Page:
Author: Al Arnold

Copyright 2006 Al Arnold

Before anything else, preparation is the key to success. Alexander Graham Bell.

I have read opinion polls that find most people fear public speaking more than they fear death. This fear obviously plays into the fact that few people appear to speak before their local government boards, commissions and committees.

So, what is a person to do when they believe they have something important to say to their local government? You prepare, if you wish to be successful. That can be done in one of two ways.

1) You can avoid public speaking all together by writing a letter. Not an email. A letter. You know, those things that now cost thirty nine cents. A courteous letter. You remember those. They can still be used to influence your local government officials.

Send the letter to each of the members of the board or committee you wish to convey your message. Send this letter if possible, at least a week before the meeting.

Include you name and contact information so they may be able to get in touch with you for more information. Do not send an anonymous letter. An anonymous letter will mean nothing and probably be thrown away.

You want this letter to arrive early so that they have time to think about what you have to say. You want your message to stand the test of time. If the letter arrives the same day as the meeting, the member does not have much time to digest your opinion.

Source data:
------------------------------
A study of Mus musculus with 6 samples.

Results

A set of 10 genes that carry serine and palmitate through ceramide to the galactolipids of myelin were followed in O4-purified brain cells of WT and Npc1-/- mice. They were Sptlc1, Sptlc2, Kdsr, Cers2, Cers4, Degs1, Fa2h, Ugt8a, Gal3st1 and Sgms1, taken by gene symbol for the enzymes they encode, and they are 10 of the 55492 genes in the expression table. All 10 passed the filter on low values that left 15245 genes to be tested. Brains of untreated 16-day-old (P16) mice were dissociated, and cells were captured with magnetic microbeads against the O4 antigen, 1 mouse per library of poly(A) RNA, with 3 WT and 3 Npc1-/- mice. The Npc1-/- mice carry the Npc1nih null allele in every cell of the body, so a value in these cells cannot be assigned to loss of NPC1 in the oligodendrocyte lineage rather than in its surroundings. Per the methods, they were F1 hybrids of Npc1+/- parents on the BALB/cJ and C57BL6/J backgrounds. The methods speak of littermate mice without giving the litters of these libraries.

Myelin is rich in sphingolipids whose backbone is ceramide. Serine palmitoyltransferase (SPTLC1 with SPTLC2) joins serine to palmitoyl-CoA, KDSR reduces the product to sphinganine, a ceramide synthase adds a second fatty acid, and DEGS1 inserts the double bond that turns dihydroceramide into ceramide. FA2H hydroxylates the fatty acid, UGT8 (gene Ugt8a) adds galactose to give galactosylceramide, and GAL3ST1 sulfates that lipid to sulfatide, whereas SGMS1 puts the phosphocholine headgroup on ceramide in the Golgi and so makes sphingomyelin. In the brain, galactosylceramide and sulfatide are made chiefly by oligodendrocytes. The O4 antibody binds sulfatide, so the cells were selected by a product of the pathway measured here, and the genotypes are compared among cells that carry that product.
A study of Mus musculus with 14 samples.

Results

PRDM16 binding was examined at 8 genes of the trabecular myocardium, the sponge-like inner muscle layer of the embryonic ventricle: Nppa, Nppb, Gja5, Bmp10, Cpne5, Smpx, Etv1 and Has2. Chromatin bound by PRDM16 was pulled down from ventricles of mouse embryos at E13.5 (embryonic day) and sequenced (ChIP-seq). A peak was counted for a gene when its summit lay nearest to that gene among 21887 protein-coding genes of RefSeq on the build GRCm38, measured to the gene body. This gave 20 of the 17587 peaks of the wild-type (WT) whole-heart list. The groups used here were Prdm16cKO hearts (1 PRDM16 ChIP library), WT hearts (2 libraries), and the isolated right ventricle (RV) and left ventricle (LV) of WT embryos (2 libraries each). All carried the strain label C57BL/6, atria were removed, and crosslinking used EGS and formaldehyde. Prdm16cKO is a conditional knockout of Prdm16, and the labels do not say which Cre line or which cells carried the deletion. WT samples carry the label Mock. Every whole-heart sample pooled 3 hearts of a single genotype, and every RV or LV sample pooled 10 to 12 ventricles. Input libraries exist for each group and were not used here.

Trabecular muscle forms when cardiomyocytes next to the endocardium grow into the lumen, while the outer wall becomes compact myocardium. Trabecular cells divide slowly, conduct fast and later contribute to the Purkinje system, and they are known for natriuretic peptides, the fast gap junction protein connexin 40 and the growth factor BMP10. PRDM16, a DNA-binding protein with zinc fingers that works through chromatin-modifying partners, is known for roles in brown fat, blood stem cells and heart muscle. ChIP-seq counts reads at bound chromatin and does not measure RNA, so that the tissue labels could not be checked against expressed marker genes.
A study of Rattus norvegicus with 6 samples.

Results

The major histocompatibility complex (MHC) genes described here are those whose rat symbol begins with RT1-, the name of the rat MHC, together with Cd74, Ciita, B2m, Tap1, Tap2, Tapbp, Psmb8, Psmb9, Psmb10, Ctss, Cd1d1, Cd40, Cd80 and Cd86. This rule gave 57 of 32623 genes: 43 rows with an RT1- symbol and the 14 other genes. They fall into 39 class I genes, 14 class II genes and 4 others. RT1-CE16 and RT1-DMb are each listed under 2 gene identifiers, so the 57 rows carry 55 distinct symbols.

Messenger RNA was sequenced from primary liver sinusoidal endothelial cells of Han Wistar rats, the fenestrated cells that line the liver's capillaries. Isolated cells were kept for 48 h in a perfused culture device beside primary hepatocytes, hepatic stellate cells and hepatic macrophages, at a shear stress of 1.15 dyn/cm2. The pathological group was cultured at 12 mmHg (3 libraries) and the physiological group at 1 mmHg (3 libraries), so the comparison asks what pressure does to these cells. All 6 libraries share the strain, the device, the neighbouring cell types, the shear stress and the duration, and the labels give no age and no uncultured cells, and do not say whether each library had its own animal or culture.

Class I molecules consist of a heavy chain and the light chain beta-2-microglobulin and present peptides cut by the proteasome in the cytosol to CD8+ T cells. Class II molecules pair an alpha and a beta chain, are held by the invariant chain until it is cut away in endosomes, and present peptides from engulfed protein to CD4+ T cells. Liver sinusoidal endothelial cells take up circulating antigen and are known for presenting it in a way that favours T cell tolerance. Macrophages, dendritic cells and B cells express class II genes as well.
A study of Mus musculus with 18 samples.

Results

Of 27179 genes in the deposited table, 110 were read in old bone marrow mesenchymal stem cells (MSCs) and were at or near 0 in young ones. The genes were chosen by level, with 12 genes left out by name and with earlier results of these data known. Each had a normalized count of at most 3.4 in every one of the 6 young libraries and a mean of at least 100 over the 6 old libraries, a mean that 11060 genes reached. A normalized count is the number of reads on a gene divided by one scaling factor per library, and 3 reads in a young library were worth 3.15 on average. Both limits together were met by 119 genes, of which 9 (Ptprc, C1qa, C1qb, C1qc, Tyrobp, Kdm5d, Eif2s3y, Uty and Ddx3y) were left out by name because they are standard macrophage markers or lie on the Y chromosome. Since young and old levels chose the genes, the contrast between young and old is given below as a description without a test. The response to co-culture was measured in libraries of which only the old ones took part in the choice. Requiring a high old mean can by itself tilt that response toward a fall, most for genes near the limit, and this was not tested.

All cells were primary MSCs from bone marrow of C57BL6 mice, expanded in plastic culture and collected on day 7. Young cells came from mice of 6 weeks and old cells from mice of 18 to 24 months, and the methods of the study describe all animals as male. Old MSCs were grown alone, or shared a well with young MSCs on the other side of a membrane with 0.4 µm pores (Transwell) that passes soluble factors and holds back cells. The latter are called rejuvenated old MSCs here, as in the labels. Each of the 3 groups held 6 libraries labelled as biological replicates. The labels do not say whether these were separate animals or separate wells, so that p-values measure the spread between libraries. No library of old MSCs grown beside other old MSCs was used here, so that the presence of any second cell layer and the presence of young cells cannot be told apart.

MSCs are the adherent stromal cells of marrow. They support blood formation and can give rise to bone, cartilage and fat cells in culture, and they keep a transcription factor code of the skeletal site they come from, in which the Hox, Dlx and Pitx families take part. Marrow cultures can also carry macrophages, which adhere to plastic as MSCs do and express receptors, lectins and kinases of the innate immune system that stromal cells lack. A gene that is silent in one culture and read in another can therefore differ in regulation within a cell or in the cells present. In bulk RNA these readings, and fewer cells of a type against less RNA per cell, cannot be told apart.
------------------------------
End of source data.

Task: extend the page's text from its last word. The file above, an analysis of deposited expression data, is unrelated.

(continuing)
Letters sent in advance of a meeting give the members time to think about your message. By doing this, your message can sometimes be much more effective than waiting to speak until the last minute at the meeting.

2) If you are going to speak, make sure you are prepared to speak. Plan on a 3-5 minute speech at most. If you have more to say than that, you should be writing a letter anyway.

Write your speech. The complete speech. Word for word, how you want to say, whatever you want to say. Then practice reading the speech. Word for word. You will only have a 3-5 minute speech so you can read and practice your speech many times. As you read and reread the speech you will automatically learn which words and phrases are most important and where the emphasis goes in the speech.

Don't be bashful about reading your speech. Believe me, the members of the governing body would much rather have you read your speech than have you “wing it.”

Over the years I have seen many citizens appear without a written speech or even notes. They ramble on from point to point with no coherent message. They stumble and stammer not knowing or remembering what exactly they thought they wanted to say. Their message is ignored, because nobody could figure out what their message was.

Don't let that happen to you! Prepare for success!

Article Source: http://www.myarticlepub.com - Free Reprint Articles

Al Arnold fights Local Political Apathy at WWW.LocalPolitics101.US . Join the movement to attend one meeting a year. Sign up for monthly ezine update on progress of the movement for citizens to attend one local government meeting a year. He is also the author of Moving Mountains and Molehills Local Politics 101, a book that explains how to be effective in local politics.